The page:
While rummaging around my old equipment box, I came across some in-line microfilters which I have collected as spares from discarded modem boxes or from places where they suspect having filter problems and have had their filters interchanged with a more modern unit. The filters in question are the Alcatel Speed Touch 3AU 04805 ABAA and the Li Shin International Enterprise LSF2070.
These filters come with modular jacks on both ends and a short pigtail to connect them. They are positioned between a regular POTS device and the phone line with ADSL service to act as a low-pass filter allowing the POTS signal to go through to the telephone and preventing the ADSL signal from interfering with the phone’s operation. It also works vice versa, as the phone’s loading on the line will consume most of the ADSL signal from the CPE and cause the link to fail. Such filters were very common bundled within modems or self-install packages because they did not need a technician to visit the site to install a central splitter and do allow for re-organization of the internal phone placement without rewiring.
That being said, these units are well past their use-by date and really are a museum piece in the sense that these units were installed in the ADSL days and are not ideal for usage on ADSL2+ lines. The reason is that ADSL2+ expands the frequency spectrum upwards to 2.2Mhz, and some of the older filters present more loading at higher frequencies which disturbs these signals, limiting the sync rate attained and eroding the noise margins. In some cases, some filters are known to cause drop-outs entirely on their own.
Added to this is the slow move towards “mostly IP-only” services. For example, Naked DSL does not offer home phone service at all, meaning there is no need for filters because there is no POTS service. Other than that, those who are lucky enough to be on Fibre NBN don’t have any need for ADSL filters or even modems for that matter, and instead have phone and IP delivered over fibre. Users who have signed up for ADSL2+ bundles and don’t actually use the home phone might not even have a phone connected in order to avoid complications with filters and maximise their sync rates. With the new NBN, delivery of services over HFC or VDSL2 will eliminate ADSL and ADSL-style POTS sharing by filtering entirely to maximise the service speeds, making these items a bit of a relic.
As a result, I’ve always been curious as to what is inside these units, as they will be exposed to the harsh realities of the telephone network. High impulse voltages, 90V ringing AC voltages are not uncommon, along with a need to be able to filter through the first 4Khz and block up to 1.1Mhz with sometimes unstable line impedances makes for a tough mission. Lets take a peek inside.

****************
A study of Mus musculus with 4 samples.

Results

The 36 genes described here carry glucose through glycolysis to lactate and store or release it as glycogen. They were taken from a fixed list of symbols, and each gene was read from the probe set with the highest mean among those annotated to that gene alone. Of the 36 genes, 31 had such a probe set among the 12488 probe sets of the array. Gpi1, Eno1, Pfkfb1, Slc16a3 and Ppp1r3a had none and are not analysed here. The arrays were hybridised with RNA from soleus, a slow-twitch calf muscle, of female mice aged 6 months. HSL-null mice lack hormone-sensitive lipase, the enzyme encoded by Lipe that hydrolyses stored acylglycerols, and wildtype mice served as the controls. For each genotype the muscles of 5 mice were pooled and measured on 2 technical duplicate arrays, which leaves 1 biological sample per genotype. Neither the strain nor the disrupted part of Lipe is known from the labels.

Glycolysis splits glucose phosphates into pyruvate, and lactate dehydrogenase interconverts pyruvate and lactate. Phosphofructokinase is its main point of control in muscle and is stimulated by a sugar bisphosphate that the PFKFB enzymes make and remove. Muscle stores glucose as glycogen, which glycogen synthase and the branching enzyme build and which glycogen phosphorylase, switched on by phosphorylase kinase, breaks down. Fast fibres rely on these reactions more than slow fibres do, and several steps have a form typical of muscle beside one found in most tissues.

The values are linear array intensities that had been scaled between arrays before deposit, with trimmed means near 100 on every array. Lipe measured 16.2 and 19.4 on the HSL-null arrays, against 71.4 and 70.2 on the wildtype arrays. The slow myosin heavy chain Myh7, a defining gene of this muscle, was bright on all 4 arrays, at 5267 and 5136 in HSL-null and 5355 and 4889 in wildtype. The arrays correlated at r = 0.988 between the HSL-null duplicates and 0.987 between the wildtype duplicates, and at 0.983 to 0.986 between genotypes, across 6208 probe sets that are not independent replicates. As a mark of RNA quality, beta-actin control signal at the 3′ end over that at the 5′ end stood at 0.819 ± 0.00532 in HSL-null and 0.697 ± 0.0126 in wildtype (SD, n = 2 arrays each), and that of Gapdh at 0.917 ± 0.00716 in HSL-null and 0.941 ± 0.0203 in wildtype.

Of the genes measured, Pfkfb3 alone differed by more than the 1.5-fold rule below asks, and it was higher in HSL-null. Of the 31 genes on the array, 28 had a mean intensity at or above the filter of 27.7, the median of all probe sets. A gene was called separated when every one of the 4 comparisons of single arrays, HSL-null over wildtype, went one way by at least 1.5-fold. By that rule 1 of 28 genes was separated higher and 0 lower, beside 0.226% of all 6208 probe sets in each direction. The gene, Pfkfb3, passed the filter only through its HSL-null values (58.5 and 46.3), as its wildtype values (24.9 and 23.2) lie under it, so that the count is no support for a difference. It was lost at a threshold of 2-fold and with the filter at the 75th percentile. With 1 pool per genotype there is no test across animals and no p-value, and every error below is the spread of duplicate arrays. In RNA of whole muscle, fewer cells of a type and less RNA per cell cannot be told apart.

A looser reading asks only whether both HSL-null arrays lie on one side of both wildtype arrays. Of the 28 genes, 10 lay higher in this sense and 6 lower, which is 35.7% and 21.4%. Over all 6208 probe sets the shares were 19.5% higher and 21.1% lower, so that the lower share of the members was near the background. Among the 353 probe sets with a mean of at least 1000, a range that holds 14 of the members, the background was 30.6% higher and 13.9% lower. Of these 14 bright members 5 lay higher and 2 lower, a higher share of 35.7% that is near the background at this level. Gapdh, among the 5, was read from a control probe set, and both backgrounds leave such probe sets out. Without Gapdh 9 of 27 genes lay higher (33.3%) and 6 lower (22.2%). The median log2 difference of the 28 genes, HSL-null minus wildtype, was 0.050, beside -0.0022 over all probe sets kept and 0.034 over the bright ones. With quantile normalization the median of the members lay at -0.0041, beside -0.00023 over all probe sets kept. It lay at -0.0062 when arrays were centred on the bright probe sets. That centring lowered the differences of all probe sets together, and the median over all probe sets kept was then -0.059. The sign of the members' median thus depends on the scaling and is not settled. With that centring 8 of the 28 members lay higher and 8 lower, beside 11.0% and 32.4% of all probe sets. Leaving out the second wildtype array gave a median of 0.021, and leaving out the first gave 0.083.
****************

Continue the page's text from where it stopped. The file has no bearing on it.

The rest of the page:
Alcatel Speed Touch 3AU 04805 ABAA
Without a doubt, this unit likely came from a former Telstra customer as these were common in their self-install kits. It is a fairly dense unit feeling rather “chunky” and heavy. Two screws need to be removed and the PCB falls right out.
Inside, it is absolutely crammed full of components – many MKT capacitors are visible, along with five large inductors. This makes it appear to be a multi-stage L-C filter. There is an input fuse as well, and four diodes seemingly acting as a bridge rectifier. Two transistors and a diode are seen too, which is a little curious as most of these devices were considered to be dumb and passive.
The unit is just a single sided PCB but it seems that based on the coding, this was a specially designed unit to meet Australian market requirements. The POTS network is relatively intriguing with many countries having their own stringent requirements for interconnection and different complex impedance network requirements.
Li Shin International Enterprise LSF2070
This second filter is much smaller, and is likely to have come from a customer who purchased a Billion modem at one point in time. These filters were commonly packaged in with a modem as an included accessory.
The unit has a lot fewer components and seems to be completely different in its design. It appears to have two identically marked transformers of some sort, with a capacitor and two resistors which is probably about the bare minimum.
Looking at the PCB traces, it seems that the incoming line signal is applied to a winding of the first transformer, which isolates the rest of the downstream devices from interacting with the line directly. The secondary winding has a capacitor placed over it, with it feeding into the primary of the second transformer. The resistors form a T-shaped filter, coupling the output to the secondary of the second transformer, and the secondary of the second transformer with secondary of secondary of the first transformer (also primary of the second transformer). I wonder if this is because of the need to provide a DC path for the on/off hook requirement. It seems the transformers may have specially been made to have a frequency response which performs the filtering, supplemented with a crude R-C circuit maybe. I’m no expert on analog electronics sadly.
Again, it seems this is a product designed specially for the Australian market according to the datasheet. Despite this, the fact that component footprints are unpopulated suggests one common design may have been used for different countries with different component values/combinations used to achieve compliance.